Miami consumption

By Matt Frei
BBC News, Washington

A foreclosure sign stands in front of a home in Miami Beach, Florida, 22 January 2009
Miami's housing market has been hit hard in the economic crisis

I love Miami. You have to ask people in Spanish if they speak English. The summer heat burns like a fever. The winter sun warms like a bath.

While the rest of America shivers Miami heads to the beach accompanied by Salsa music, looking forward to the first mojito of the day.

These are the seductive ingredients that made property prices more than double during the bubble, car ownership grow fourfold and credit card debt increase fivefold.

Consumption mushroomed while real incomes barely grew at all. Southern Florida was America on steroids. Here, the ability to borrow was as limitless as the Everglades shimmering in the heat, and good sense was blinded by the sun.

Frozen giraffes

Miami is ground zero of the sub-prime crisis. I was there this week and something else suddenly dawned on me.

Yes, the skyline that once seemed dotted with opportunity is scarred by excess and decline.

Yes, the cranes that have stopped swivelling over the luxury condos because the construction has ground to a halt look like frozen giraffes.

Yes, the billboards announcing foreclosures, bank sales and cheaper homes at unbelievable bargains now look like the tombstones of Florida's toppled prosperity.

And, yes, we could get a table at a very good fish restaurant without making a reservation two days in advance.

So much of the prosperity we took for granted was based on consumption that was conspicuously conspicuous

But look at the people and you notice a few things.

No-one seems to be truly suffering. Cars still congest the streets. People still watch TV on flat screens. No-one is going hungry and although foreclosures have become an epidemic, the homeless shelters are not exploding.

Michelle made a mint as a sub-prime mortgage broker and now she, herself, faces foreclosure - she was both perpetrator and victim of the bubble.

There is an irony about her good cheer and heaving optimism. She stands to lose the four-bedroom villa with pool that she and her two daughters, her Colombian mother and her boyfriend share.

"We may have to move to a smaller apartment," she tells me.

They have already lost two cars to the repo man - but they still have the black Hummer and the Sedan.

Two doors down, number 4235 stands empty.

The grass has not been given a buzz cut for a few weeks. The blinds are down and torn. The plague of foreclosure has arrived in the neighbourhood.

No holiday

Meanwhile, these are the things Michelle is not buying these days: no speed boat, no new car, no new curtains - the ones she has are fine.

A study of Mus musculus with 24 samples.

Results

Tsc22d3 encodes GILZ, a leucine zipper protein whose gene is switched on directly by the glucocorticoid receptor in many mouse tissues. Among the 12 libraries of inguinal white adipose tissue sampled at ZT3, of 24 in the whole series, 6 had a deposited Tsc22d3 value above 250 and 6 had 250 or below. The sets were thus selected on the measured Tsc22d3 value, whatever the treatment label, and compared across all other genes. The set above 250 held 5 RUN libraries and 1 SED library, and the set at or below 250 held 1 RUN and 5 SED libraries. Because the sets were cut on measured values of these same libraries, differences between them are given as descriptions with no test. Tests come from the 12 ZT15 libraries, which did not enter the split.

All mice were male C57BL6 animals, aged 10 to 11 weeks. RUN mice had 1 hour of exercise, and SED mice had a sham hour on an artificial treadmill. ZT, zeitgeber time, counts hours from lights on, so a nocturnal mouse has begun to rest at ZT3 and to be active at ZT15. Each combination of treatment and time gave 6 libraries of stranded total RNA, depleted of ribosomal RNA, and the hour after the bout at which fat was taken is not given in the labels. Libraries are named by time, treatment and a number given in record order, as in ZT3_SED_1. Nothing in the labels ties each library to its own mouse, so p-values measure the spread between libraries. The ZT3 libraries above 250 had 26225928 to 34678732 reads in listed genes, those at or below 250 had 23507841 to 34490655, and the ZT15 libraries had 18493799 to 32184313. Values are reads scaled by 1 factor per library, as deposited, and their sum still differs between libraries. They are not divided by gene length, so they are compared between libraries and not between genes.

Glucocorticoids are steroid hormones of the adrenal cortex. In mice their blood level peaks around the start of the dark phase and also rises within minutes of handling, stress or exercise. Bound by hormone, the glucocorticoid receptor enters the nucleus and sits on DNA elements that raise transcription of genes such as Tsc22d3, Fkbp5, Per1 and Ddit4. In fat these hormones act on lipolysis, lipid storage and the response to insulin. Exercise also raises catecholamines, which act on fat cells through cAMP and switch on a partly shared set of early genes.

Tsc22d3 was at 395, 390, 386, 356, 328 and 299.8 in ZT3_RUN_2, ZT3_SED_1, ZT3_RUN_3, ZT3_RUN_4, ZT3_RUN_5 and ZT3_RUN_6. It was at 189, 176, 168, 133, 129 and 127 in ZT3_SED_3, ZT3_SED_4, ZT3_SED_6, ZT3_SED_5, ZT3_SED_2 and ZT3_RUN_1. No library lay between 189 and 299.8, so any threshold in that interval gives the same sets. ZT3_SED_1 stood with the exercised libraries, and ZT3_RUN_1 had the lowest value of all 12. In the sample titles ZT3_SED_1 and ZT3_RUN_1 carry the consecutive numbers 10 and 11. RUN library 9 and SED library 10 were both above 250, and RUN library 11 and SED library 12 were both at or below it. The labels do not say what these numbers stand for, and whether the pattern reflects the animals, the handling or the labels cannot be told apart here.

There will be no holiday in Vegas and no new bikes for the girls - the ones they got for Christmas last year are still in perfect working order.

She is not going out to dinner as much as she used to. She has stopped buying a new handbag every month and she begrudgingly admits that she does not really need to live in a dream home. She just wants to.

You get the drift.

So much of the prosperity we took for granted was based on consumption that was conspicuously conspicuous.

We did not need most of the things that we bought on credit and that were produced cheaply for us by China, Vietnam or India.

We were, if we are being honest, perfectly comfortable without them. We are living in a saturation economy in which demand was fuelled by a combination of superb advertising, peer pressure and easy credit.

Such an economy cannot cope with the fear of losing a job. That is why the declines in consumer confidence and consumption have been so dramatic.

We have stopped buying the things we do not really need.

And there are a lot of them.

Yet none of us are missing any meals. Most of us are not homeless. And that is the absurd tragedy of the vicious cycle we are in.

Without our conspicuous consumption, China's economy cannot continue to grow at 8% a year and the US cannot create 100,000 jobs a month, to keep in line with population growth.

President Bush's glib post-9/11 advice to America to just go out and go shopping seems rather prescient these days.

But if we stop all conspicuous consumption, then our economic woes may become a self-fulfilling economic catastrophe that is more worrying than any we have previously experienced.

Can the billions of dollars borrowed from the tax-payer inject confidence into the banks to resume lending and confidence in us to resume spending?

Not for a while, I think.

So, the only thing we have to fear is not fear itself but contentment.

Matt Frei is the presenter of BBC World News America which airs every weekday on BBC News, BBC World News and BBC America (for viewers outside the UK only).